The advent of artificial intelligence (AI) has long been eulogised and feared by the legal community. Augurs say that it will bring about efficiency and possibly bring an end to its antithesis – the billable hour. Unlike the once-common lift operator, AI is not set to replace lawyers any time soon, but it will, without a doubt, not leave law firms untouched. If embraced, AI can be a critically important tool which empowers lawyers to work more effectively, deepen and broaden areas of expertise, and provide increased value to clients.
One of the ground-breaking ways in which AI is set to change the way in which lawyers do their work relates to legal research.
Legal research is an essential aspect of legal work. It is, however, a task that takes up a lot of time, especially considering the exponential increase in information available over the past few years. In the business of selling hours, there are limited hours in a day and a person can no longer do a comprehensive study in the time that AI is able to conduct research.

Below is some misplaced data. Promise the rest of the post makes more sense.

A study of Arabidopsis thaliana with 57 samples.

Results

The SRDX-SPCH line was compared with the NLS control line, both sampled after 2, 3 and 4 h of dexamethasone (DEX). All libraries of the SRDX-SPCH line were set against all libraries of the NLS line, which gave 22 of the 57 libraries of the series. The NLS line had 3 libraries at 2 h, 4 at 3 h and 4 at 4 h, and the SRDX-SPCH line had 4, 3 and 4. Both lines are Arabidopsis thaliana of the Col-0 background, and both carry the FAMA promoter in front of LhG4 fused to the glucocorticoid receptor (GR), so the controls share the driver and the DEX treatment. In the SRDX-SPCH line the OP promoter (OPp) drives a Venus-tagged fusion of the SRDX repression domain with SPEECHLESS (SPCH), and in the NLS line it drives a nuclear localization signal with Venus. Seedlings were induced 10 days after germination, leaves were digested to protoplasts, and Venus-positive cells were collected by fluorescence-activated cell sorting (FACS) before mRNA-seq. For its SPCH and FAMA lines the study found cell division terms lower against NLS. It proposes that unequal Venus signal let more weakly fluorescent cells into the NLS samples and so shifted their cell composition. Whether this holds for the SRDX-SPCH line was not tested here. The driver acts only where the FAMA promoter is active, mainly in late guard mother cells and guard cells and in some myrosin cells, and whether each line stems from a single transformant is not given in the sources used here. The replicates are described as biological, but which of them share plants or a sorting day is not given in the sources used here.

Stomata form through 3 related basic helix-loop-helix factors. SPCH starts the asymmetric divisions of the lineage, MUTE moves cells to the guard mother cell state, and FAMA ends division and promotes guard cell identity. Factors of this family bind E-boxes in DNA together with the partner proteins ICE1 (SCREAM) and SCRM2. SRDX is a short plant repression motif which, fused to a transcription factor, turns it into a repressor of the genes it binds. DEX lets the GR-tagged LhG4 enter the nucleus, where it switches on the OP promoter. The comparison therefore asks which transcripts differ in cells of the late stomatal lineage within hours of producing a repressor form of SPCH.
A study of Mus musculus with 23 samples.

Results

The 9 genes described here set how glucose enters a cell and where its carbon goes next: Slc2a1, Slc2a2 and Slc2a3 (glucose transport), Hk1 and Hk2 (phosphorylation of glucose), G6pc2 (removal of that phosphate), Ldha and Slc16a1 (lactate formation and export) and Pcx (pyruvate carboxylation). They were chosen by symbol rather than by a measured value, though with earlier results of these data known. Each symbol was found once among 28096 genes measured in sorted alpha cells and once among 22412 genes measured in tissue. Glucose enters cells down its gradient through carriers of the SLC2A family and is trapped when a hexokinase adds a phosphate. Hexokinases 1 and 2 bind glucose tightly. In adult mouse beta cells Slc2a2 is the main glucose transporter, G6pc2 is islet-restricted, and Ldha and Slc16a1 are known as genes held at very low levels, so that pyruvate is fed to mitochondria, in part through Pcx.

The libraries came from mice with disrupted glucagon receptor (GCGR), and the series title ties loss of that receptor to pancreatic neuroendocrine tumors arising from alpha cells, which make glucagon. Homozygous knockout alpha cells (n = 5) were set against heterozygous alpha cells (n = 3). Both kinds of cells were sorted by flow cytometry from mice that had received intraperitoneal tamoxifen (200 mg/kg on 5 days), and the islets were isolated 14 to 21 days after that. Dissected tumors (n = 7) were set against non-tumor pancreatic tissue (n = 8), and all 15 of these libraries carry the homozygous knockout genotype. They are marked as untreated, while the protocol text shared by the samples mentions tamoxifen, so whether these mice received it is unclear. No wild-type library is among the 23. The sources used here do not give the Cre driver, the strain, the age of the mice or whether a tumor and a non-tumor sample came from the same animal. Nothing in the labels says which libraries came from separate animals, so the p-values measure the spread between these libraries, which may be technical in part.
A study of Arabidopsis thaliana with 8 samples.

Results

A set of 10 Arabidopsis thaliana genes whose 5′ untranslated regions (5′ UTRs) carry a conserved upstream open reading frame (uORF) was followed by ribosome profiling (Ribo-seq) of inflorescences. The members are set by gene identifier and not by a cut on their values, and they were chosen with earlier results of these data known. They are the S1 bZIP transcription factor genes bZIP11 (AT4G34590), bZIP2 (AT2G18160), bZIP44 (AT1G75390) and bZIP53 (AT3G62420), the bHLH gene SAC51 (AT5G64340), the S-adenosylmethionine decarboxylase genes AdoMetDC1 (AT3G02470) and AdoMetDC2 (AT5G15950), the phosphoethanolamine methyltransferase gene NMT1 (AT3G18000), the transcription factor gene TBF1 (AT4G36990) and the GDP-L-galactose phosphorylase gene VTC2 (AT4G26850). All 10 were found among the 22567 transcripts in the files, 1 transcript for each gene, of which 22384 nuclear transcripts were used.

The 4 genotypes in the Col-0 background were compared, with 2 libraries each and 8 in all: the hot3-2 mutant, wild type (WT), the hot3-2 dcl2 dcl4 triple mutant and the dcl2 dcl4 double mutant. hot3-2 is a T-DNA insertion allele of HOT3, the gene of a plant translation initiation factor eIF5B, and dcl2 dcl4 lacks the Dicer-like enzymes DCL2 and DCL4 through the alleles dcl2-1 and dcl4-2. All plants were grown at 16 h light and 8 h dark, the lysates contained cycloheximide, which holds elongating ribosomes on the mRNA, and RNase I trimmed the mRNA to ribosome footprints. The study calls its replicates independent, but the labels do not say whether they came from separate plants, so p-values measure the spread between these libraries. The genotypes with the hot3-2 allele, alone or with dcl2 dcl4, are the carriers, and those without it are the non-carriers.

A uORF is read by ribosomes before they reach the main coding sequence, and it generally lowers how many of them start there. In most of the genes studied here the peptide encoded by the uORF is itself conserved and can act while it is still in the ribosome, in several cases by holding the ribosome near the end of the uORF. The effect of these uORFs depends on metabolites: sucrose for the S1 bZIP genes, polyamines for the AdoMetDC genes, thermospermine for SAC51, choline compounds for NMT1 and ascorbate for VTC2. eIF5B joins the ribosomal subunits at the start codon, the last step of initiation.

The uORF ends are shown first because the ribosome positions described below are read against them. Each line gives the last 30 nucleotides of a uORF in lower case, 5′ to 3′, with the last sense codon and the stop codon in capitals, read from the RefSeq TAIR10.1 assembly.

AI legal research tools have shifted from keyword-based search techniques to an approach using semantic analysis. This allows for results to be provided even where it does not include the specific keyword searched for.
LexisNexis, a trusted legal research platform, has developed Lexis Answers. Lexis Answers allows a researcher to ask a natural-language question and get back the single-best answer, together with references to sources.
In a time where information is freely available to anyone with access to the internet, clients still approach lawyers to conduct their legal research. This shows that legal research requires more than the mere sourcing of information, but also an added layer of judgment, contextualisation and assurance. AI research tools therefore cannot in its current form fully replace lawyers in their legal research. However, finding more accurate answers in less time ultimately results in higher quality services to clients at lower costs. And there is no reason to suppose that AI will not in time replace what we think of as human judgment.